IT Minds

Monorepos with Nx

cbbitminds profile image cbb-it-minds ・3 min read

If you are building a serious app, you most likely have multiple projects you are managing in different repositories and on different team members. Projects such as multiple frontends that communicate with each other backends, shared common businesslogic or even components.

The benefit of splitting your codebase into independent versioned packages is extremely useful for sharing your code.

However, managing changes across multiple repositories can quickly become yucky. Monorepos tries to solve this problem among many others while maintaining organisation wide practices.

In this article we take a look Nx and the nice tooling for creating and managing monorepos.

Using Nx CLI to create our foundation

Our product manager told us to create an application where Users can look at different fruit. He also wants an admin panel where he and other admins can manage what fruit to be in the shop.

We create our workspace by running the command:

npx create-nx-workspace@latest

We are given some options including the name of our workspace followed by some default setups. You can go ahead and choose whatever you like. In the example we create an empty workspace. The workspace should look a lot like this:

apps ( where our apps go )
libs ( shared libraries: ui, interfaces etc.)
tool ( scripts that act on your codebase: db, custom build etc.)

Give a week of meetings with our product owner and the team. We decide our server should be a Nest.js with a client-app in React and an admin-panel in React.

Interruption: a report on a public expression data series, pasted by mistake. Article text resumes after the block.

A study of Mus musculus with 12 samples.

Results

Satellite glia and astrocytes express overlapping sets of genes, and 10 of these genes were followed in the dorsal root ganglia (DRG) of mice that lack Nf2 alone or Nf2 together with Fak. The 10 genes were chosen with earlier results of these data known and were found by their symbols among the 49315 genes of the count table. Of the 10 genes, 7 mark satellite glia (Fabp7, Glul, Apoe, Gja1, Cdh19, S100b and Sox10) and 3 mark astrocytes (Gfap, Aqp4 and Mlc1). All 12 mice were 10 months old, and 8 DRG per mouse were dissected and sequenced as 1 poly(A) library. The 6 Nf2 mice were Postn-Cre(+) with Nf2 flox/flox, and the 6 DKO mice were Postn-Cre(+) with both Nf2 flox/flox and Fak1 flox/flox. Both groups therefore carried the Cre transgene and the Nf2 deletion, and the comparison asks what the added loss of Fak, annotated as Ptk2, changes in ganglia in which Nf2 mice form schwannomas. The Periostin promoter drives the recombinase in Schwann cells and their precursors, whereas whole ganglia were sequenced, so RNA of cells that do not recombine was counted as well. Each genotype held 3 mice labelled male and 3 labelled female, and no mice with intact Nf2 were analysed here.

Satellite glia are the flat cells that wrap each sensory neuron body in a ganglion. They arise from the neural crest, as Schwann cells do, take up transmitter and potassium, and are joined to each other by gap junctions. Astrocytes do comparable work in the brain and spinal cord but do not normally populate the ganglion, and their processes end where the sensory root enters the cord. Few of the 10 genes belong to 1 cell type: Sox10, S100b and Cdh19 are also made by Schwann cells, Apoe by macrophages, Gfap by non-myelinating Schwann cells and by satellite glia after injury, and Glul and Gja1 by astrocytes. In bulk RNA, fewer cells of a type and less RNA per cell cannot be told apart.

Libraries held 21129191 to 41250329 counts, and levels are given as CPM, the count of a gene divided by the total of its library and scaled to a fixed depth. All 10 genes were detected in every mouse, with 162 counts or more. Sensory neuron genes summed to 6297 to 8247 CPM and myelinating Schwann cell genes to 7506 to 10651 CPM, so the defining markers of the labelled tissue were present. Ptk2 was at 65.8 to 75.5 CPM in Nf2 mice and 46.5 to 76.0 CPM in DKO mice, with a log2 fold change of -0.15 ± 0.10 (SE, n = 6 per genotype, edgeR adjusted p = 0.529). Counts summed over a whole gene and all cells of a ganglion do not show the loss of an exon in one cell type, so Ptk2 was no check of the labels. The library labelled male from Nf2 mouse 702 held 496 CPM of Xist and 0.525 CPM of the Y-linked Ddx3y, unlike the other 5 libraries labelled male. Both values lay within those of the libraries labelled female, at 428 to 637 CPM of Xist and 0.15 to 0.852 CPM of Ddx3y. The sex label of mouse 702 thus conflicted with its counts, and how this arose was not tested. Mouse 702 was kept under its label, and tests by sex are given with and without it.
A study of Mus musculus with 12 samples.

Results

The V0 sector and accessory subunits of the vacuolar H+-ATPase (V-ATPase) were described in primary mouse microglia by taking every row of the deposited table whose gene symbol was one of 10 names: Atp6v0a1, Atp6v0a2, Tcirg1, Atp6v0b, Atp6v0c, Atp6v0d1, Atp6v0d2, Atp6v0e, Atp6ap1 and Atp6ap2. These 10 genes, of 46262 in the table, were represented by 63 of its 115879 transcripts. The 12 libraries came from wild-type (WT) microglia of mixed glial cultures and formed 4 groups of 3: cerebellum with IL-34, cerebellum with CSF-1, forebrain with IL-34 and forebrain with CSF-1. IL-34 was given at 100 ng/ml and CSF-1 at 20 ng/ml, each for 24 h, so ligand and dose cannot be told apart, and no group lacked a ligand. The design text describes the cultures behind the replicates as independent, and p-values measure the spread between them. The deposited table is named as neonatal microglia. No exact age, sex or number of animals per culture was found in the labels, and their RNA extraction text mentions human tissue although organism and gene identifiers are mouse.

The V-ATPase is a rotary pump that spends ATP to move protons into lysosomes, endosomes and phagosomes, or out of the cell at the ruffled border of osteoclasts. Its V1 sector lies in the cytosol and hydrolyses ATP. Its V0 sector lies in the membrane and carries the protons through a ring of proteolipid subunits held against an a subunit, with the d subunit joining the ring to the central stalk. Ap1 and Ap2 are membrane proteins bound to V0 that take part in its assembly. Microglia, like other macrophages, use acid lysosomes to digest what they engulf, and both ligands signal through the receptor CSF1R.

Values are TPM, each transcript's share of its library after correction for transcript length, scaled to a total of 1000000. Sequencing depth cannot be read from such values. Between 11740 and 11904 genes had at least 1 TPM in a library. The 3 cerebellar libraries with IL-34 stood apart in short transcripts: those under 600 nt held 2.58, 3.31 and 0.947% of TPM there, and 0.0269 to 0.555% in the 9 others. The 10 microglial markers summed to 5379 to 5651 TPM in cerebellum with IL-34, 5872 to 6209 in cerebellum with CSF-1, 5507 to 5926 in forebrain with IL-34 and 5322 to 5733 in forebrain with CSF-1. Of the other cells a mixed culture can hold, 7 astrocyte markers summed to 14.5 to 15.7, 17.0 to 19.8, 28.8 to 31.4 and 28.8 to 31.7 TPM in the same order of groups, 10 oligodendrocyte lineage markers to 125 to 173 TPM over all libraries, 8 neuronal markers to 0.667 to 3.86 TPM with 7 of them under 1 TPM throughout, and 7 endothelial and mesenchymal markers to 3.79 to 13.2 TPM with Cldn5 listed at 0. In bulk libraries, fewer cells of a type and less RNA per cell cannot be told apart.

We can use the CLI to generate these libraries and apps for us:

nx generate @nrwl/react:app fruit-shop
nx generate @nrwl/react:app fruit-panel
nx generate @nrwl/nest:application fruit-server

Okay, so that's cool but we could do this in a regular "single repo, many projects" kinda workspace as well. Where Nx really is different is its tooling.


We notice a lot of code duplication in our client-app and admin-panel to improve our codebase and serve the purpose of DRY. We create a component library:

nx generate @nrwl/react:library ui

But how do we keep track wether or not the library actually affect changes in our app? Nx dep-graph is a tool which detects apps/libraries are affected by the change you just made.

Our newly created fruity-button-component is implemented in both the client-app and the admin-panel. With a few modifications we make a more generic component in the ui-library.

We use the new button in both apps and if we make modifications to the button both apps are affected:

Alt Text

Here we can see the dependency graph for our apps. Pretty sweet. But what's even more better is, Nx can see affected apps within your changes.

Affected Graph

Our apps + the server has a dependency to the Users-model in the models-library. Let's change the interface a bit and see which apps are affected by the change:

running: nx affected:dep-graph

Alt Text

As we can see all of our projects are affected by this change. There are all sorts of filters that lets you focus on a specific app or exclude apps. Also, it lets you group dependencies by folders.

Many may say that they don't want to develop in a monorepo because they need to build and run test on apps they didn't even affect. With Nx, that's a different story. Nx benefits from knowing which apps are affected by change and therefore knows what kind of test, e2e and builds it needs to run.


For now, we have used the Nx CLI to generate our apps and libraries. But Nx offers a vscode-extension, which can help run commands in a GUI, so you don't have to remember the commands or the documentation.

Last comments

There's a lot of benefits running a serious application with a tool like Nx. The dep-graph and code/boilerplate generation through the Nx CLI makes it easier to work and collaborate on larger codebases.

I would even consider using this in a smaller app, due to the great tooling behind Nx.